Grass Widow: Olsynium douglasii. Note the filament tube, which is narrow at its base, which distinguishes this species from Olsynium inflatum.
Grass widows are beautiful early spring wildflowers to 12 inches tall. The stems arise singly or in small clusters (the clusters up to 6 cm wide), somewhat flattened in cross-section, and bearing 2-4 simple, parallel-veined leaves up to 10 cm long and 1.5-3 mm wide. The 2 bracts of the the terminal spathe which subtend the flowers are unequal in size, one typically shorter than the flowers and one taller than the flowers.
The one to three flowers are deep purplish-red to occasionally white or white with purplish stripes. The six tepals are regular (same shape), expanding to greater than the diameter of a quarter. They are rounded at the tip. This differs from the variety inflatum, which has pointed tips to the tepals. The 3 yellow tipped stamens are shorter than the elongated style, which is 3-pronged at the tip. The filament tube is only slightly enlarged above the base. This differs from its cousin, Olsynium inflatum, which has an enlarged filament tube near the base and pointed tips to the petals.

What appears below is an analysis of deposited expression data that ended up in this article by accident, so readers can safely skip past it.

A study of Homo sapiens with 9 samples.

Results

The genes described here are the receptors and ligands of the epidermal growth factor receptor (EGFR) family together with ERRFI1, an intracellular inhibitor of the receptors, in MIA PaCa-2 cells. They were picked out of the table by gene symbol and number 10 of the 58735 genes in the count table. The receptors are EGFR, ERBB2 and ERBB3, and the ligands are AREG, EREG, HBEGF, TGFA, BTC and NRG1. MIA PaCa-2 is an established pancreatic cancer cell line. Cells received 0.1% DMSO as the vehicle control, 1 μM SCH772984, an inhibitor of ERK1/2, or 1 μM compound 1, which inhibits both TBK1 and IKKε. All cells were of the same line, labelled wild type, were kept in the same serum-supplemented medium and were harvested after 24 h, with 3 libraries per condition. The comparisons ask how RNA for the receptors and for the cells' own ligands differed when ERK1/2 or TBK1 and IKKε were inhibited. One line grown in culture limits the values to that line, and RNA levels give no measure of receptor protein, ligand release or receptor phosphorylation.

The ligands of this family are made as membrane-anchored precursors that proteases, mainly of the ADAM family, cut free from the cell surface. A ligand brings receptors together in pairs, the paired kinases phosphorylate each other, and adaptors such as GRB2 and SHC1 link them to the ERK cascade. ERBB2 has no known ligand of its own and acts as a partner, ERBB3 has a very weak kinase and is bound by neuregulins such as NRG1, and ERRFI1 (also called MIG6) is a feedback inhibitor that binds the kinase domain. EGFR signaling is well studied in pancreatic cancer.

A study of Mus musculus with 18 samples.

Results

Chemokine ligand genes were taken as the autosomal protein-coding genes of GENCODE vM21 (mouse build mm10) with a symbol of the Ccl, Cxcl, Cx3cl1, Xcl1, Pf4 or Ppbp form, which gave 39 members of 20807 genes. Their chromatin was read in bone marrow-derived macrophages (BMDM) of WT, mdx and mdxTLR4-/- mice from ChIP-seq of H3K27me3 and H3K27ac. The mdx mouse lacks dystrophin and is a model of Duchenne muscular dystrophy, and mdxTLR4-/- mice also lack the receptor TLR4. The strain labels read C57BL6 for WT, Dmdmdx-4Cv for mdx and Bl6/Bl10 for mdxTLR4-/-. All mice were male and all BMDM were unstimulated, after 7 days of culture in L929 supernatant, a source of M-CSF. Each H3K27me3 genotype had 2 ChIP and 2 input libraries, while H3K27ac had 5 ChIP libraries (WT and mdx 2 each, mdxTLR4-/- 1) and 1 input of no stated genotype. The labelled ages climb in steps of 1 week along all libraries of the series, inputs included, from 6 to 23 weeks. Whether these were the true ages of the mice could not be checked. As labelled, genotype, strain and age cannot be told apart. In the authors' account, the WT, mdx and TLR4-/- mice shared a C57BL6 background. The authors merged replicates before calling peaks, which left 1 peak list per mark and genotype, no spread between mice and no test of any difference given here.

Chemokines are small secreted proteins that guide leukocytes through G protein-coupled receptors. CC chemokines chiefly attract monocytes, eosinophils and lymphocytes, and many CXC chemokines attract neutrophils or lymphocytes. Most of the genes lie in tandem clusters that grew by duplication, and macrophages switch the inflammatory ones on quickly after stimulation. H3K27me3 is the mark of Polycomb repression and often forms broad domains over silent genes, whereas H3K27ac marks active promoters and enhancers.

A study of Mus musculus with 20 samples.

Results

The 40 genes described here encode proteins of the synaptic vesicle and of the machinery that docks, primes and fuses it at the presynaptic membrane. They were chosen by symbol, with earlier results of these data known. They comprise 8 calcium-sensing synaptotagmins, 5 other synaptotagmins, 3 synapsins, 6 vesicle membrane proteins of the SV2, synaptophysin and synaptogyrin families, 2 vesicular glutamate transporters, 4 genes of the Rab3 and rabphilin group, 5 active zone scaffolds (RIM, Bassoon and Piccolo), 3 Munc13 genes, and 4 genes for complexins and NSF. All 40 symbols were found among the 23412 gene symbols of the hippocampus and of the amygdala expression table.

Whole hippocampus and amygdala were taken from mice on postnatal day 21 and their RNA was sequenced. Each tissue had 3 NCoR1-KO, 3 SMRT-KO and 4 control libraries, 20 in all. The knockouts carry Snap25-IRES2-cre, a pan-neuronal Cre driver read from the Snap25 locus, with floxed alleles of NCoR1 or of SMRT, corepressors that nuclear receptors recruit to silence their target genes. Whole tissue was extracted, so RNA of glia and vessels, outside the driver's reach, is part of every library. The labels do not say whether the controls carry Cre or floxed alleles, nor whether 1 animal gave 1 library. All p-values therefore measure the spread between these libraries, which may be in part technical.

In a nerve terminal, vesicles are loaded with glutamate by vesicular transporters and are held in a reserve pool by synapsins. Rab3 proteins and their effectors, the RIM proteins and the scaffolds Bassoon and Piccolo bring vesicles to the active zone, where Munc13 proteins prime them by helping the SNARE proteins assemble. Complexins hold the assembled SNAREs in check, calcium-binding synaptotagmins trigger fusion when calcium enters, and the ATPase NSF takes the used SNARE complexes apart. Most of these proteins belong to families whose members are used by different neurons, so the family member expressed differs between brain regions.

Sisyrinchium douglasii var. douglasii was discovered near Celilo Falls in 1826 by David Douglas, for which the plant is named.
Dry open rocky areas or meadows which are seasonally wet during the early spring but drying by summer. This plant typically whithers and disappears by mid to late spring.
The grass widow is found along the eastern slopes of the Cascades from northern Kittitas County, WA south to Wasco County, OR, and through the Willamette Valley west of the Cascades to northern California and northwards to the San Juan Islands and Vancouver Island..
I personally think this would make a beautiful meadow plant for naturalized yards to the east of the Cascades, especially if established in dense drifts. In my garden, west of the Cascades, they do not bloom and slowly fade away over a period of years. A few nurseries do sell them, so buy them rather than digging them up.